Sophie Ellis-Bextor’s stalker banned from making contact and told to hand over social media passwords
Written by Hitmix News on 25 November 2021
A man who sent “unsettling” messages and dozens of gifts to singer Sophie Ellis-Bextor has been told he could face full criminal prosecution if he continues.
Nishil Patel, 39, was said to have met the singer in passing in July last year, with the City of London Magistrates’ Court hearing he sent her hundreds of “concerning” and “upsetting” messages since meeting.
Patel also left unwanted presents, such as a wallet with his initials on, with Ellis-Bextor’s next-door neighbour, thinking it was the singer’s home, and even turned up outside the address in west London between last October and April.
Image: Nishil Patel arrives at City of London Magistrates’ Court in London, as Sophie Ellis-Bextor is due to give evidence in her application for a stalking protection order against him
The court heard that in one message, Patel told her “the wallet is blue, not black like your soul”.
At a visit to the address, which led to Patel’s arrest, he rang the doorbell and left a sticker on a car, magistrates were told.
He also contacted Ellis-Bextor’s husband, and one of her five children online.
Prosecutor Felix Keating added that Patel left 30 parcels addressed to her at her neighbour’s house, which prompted a warning from police on 30 October last year.
More on Sophie Ellis-bextor
Despite blocking him, Ellis-Bextor continued to get messages from Patel after he created a new account on Instagram with his name spelt backwards, the court heard.
One message allegedly read: “I’m not allowed to talk to you obviously, but wtf [what the f***] Bexter, peeps [people] are nuts. Don’t worry, I have got your back innit.”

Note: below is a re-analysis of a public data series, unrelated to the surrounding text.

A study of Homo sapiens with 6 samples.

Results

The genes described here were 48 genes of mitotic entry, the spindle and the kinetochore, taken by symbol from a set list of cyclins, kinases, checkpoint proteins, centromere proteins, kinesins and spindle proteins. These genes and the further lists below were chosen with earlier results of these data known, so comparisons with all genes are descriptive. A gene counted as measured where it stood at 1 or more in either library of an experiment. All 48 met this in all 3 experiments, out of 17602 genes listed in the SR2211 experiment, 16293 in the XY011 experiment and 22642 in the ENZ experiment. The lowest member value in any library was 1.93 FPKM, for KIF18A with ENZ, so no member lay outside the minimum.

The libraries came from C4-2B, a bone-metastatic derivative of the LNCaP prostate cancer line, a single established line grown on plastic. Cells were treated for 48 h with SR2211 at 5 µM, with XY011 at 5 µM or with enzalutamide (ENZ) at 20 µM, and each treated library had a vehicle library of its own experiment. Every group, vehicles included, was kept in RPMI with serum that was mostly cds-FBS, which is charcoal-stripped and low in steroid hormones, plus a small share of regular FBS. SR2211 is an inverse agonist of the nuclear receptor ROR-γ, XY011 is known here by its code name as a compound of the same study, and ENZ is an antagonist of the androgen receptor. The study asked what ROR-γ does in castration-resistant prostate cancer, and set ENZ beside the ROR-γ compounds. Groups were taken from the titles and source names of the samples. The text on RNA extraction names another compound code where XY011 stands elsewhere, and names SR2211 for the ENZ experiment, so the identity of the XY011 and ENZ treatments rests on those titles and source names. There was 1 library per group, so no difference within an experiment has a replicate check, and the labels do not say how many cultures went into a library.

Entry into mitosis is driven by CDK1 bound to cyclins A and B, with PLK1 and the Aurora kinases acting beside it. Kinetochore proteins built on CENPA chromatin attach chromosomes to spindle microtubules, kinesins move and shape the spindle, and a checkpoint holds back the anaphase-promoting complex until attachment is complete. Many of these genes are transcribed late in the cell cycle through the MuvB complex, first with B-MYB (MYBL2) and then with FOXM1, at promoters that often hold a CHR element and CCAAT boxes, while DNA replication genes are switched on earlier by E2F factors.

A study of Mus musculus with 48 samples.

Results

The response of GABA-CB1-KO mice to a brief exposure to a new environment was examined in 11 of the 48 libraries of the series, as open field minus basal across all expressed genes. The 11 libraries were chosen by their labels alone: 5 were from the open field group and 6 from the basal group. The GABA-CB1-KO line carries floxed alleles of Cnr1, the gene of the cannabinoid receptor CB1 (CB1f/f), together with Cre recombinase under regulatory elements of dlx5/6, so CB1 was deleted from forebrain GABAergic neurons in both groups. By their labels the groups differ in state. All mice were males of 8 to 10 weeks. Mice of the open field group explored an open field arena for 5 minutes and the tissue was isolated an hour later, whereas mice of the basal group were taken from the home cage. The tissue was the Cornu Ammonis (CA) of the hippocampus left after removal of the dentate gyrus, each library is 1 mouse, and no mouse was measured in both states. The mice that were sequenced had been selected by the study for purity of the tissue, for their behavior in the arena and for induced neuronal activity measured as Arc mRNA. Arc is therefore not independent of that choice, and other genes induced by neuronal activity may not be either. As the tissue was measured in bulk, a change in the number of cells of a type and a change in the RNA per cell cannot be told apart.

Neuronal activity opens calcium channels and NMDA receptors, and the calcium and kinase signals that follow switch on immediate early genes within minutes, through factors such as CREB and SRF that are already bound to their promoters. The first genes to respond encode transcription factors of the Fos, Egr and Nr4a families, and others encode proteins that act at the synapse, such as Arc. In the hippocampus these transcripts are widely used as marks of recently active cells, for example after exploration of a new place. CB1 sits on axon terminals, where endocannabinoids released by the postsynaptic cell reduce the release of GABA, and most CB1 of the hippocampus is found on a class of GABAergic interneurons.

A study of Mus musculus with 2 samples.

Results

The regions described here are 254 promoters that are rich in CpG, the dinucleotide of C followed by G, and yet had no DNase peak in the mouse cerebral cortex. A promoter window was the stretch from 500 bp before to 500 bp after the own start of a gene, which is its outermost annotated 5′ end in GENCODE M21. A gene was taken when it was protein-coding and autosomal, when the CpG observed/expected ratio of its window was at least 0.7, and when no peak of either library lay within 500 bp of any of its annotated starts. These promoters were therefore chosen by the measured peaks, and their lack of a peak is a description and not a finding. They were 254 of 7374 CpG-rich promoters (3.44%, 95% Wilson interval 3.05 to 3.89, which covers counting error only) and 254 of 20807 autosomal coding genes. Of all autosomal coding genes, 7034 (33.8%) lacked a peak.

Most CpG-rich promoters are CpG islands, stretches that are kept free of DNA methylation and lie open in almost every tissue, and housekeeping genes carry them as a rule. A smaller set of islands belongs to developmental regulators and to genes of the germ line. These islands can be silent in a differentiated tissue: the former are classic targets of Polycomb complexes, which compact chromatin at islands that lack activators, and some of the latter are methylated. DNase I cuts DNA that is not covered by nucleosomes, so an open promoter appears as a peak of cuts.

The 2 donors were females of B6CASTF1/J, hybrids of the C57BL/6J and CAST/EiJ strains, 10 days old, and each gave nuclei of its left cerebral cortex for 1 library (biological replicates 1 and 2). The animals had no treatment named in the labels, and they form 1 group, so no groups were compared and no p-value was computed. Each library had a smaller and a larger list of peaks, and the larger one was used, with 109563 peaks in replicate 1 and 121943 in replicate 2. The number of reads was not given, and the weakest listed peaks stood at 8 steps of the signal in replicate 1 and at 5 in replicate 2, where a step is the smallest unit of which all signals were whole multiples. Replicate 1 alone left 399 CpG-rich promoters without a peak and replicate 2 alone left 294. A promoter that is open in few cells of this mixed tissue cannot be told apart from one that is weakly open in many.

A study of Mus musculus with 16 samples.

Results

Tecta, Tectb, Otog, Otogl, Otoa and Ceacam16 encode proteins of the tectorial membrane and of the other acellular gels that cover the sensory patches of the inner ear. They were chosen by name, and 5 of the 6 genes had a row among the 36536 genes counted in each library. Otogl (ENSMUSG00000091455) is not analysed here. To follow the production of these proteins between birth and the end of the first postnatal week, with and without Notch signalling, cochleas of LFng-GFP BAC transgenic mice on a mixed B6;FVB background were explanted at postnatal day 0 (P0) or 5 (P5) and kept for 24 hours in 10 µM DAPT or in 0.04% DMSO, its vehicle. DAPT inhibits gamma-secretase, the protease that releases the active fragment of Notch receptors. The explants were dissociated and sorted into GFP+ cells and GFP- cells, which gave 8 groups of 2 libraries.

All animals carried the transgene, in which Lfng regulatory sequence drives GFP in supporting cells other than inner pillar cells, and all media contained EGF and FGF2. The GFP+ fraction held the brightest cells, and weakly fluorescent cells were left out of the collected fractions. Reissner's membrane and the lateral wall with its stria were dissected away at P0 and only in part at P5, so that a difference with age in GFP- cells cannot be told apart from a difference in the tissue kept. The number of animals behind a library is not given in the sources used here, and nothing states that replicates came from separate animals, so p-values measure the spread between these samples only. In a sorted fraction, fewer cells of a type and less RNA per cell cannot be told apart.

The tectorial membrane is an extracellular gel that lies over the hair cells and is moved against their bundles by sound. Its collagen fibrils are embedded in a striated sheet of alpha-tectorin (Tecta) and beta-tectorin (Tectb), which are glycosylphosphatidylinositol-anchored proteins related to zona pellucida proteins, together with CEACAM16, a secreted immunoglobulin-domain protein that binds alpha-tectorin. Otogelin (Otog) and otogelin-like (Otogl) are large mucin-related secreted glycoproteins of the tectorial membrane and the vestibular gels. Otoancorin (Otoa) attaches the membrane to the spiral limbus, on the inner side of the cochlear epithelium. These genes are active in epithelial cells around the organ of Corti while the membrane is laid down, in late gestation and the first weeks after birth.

An earlier hearing in July heard that there was an “escalation in tone”, with the messages becoming more and more abusive, eventually calling her a “f****** privileged b****”, a “fat c***” and a “fake mother”.
As a result, the Metropolitan Police was granted a Stalking Protection Order (SPO), meaning Patel will face jail time if he contacts Ellis-Bextor in any way again, approaches her, or visits her home.
Patel must also handover passwords for his devices that have the ability to record internet usage, as well as details and passwords of his social media accounts.
The measures will be in place for five years.
A statement from Ellis-Bextor, read by Mr Keating, said Patel’s behaviour had “really unsettled” her.
Magistrate Victoria Fraser granted the SPO after Patel did not contest the allegations.
The court also heard the Patel lost his job last February, suffers from bipolar disorder and was once sectioned.
Under the rules, police forces can apply for a civil SPO to prevent alleged stalkers from contacting and approaching their victims so that a criminal investigation can continue.